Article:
There are two generally-accepted beliefs about Wikipedia. The first is one of exposure: that it's always there in the first page of search results on anything that the online encyclopedia features. The second is one of trust: that there is a shared belief that it is the "font of all knowledge" - that, to most, it is a place where truth and knowledge exist, and that false information is teased out by its community.
The combination of these two points clearly make Wikipedia a viable and useful tool for the recording and documentation of factual information, something that many public institutions do very well. It was, therefore, perhaps only a matter of time that public organisations such as museums and libraries stepped up their interest in wikis and in Wikipedia as a way to open up their often huge body of knowledge and research to a wider audience. Wikipedia has dubbed this body GLAM (Galleries, Libraries, Archives and Museums) and there is now a GLAM Steering Committee at Wikimedia UK, supported by board member Ashley van Haeften, known as Fae. The importance of Wikipedia to cultural organisations cannot, according to Fae, be underestimated: "The cultural institutions I have talked to over the past year are highly aware that if they are serious about public outreach and access, then Wikipedia cannot be ignored. The value it offers such institutions sometimes comes as a surprise."
For these organisations, Fae sees some basic advantages. Perhaps one of the most powerful from the organisation's perspective is that articles of public interest will be maintained at no cost to the organisation itself, and that its main website remains the key source due to links back from the Wiki article. Given that both the institution's website and the Wikipedia entry are likely to appear on the first page of search results, this will be a help rather than a hindrance, on the presupposition that the institutional Wikipedia page will be kept up-to-date and is a reasonable reflection of it and its activities. Fae sees these benefits to be of particular relevance to curators, suggesting that Wikipedia can also act as a source of reference and background information for exhibitions and collections – something that may exist as a concise version of the institution's own web content, and therefore complimentary rather than in competition.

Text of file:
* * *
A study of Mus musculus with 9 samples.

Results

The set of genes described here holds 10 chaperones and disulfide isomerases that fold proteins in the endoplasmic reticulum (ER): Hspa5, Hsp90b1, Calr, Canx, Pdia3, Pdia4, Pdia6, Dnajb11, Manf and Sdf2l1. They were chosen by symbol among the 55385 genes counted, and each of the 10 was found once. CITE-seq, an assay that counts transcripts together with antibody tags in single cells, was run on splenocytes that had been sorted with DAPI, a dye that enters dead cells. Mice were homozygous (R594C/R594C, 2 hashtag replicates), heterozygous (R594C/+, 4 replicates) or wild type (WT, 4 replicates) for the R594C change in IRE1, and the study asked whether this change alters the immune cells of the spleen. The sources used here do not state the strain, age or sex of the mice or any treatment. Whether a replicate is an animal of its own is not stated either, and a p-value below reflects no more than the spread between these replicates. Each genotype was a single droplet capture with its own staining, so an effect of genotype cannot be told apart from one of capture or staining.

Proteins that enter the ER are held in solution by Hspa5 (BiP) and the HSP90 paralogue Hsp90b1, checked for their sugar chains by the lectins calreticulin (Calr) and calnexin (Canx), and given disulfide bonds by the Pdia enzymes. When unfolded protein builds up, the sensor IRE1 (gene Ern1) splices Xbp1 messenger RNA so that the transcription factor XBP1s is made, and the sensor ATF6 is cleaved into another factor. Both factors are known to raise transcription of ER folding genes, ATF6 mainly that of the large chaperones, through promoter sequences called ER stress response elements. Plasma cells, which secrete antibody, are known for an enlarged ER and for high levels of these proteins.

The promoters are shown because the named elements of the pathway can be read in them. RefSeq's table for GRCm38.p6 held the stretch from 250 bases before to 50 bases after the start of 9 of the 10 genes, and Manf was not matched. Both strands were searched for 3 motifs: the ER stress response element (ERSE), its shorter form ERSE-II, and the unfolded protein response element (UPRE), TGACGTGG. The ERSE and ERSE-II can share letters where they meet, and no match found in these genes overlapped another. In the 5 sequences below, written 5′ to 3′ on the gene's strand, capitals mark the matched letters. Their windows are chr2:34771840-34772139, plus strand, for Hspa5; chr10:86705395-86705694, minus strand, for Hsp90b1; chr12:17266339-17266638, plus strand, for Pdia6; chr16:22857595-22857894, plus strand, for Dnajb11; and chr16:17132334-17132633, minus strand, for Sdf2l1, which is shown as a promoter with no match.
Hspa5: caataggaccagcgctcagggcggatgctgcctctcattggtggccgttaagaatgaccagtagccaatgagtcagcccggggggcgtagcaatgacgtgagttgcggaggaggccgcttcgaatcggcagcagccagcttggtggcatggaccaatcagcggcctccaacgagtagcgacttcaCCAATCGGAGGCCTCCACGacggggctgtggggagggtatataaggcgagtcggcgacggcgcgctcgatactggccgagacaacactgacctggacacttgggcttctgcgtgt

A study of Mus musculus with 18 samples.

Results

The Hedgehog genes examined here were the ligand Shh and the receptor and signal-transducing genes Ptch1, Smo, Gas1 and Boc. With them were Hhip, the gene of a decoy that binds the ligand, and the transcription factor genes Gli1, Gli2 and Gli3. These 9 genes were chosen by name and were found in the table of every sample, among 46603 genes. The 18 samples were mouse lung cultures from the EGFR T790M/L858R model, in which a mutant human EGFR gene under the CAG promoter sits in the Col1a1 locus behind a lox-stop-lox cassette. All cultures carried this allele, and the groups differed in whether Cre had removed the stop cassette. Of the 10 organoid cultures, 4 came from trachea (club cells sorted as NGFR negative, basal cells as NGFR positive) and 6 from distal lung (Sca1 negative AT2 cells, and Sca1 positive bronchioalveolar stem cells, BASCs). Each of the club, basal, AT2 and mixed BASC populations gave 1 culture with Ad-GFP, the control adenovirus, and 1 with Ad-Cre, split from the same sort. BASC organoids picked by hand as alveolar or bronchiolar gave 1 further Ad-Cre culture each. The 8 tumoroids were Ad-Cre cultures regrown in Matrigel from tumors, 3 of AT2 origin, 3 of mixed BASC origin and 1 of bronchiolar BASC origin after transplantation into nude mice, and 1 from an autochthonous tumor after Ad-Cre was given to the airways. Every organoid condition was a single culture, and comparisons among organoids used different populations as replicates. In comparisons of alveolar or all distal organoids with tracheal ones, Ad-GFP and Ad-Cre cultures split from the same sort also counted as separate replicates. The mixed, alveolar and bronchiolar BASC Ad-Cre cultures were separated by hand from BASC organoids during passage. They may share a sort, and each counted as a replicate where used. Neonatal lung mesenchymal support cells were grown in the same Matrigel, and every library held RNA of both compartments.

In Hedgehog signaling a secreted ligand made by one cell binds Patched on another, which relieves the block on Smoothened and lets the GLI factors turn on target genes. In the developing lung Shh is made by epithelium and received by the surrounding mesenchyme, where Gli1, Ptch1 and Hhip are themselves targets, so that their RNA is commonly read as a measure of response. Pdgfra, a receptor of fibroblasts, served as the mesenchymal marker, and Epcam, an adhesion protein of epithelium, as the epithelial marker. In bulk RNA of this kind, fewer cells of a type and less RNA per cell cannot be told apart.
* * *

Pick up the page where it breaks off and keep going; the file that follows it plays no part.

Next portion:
Although there are opportunities for institutions in using Wikipedia, it is Wikipedia which can act as something of a battering ram for opening up latent information and knowledge to the public. Fae's work with the Derby Museum is a case in point; articles were published about the museum's artefacts to Wikipedia, in over 100 languages. This exercise was perhaps unique to Wikipedia and maybe only a handful of other websites: an entirely voluntary, collective effort to build outreach and access that by any other approach would have been too time-consuming and expensive, if not practically impossible.
The Derby Museum's curator also allowed the voluntary group to add QR codes to an exhibition, enabling links to related Wikipedia pages. While this is a well-understood application of QR technology, the subtlety makes it rather unique: because of the number of languages that the group was working with, the visitor's phone would display a Wikipedia page from the QR code, in the language that the phone was set to. This body of diverse and rich content has, in Fae's view, given exposure to the museum to an audience that may never be able to physically visit the museum, while enriching the experience for those that do.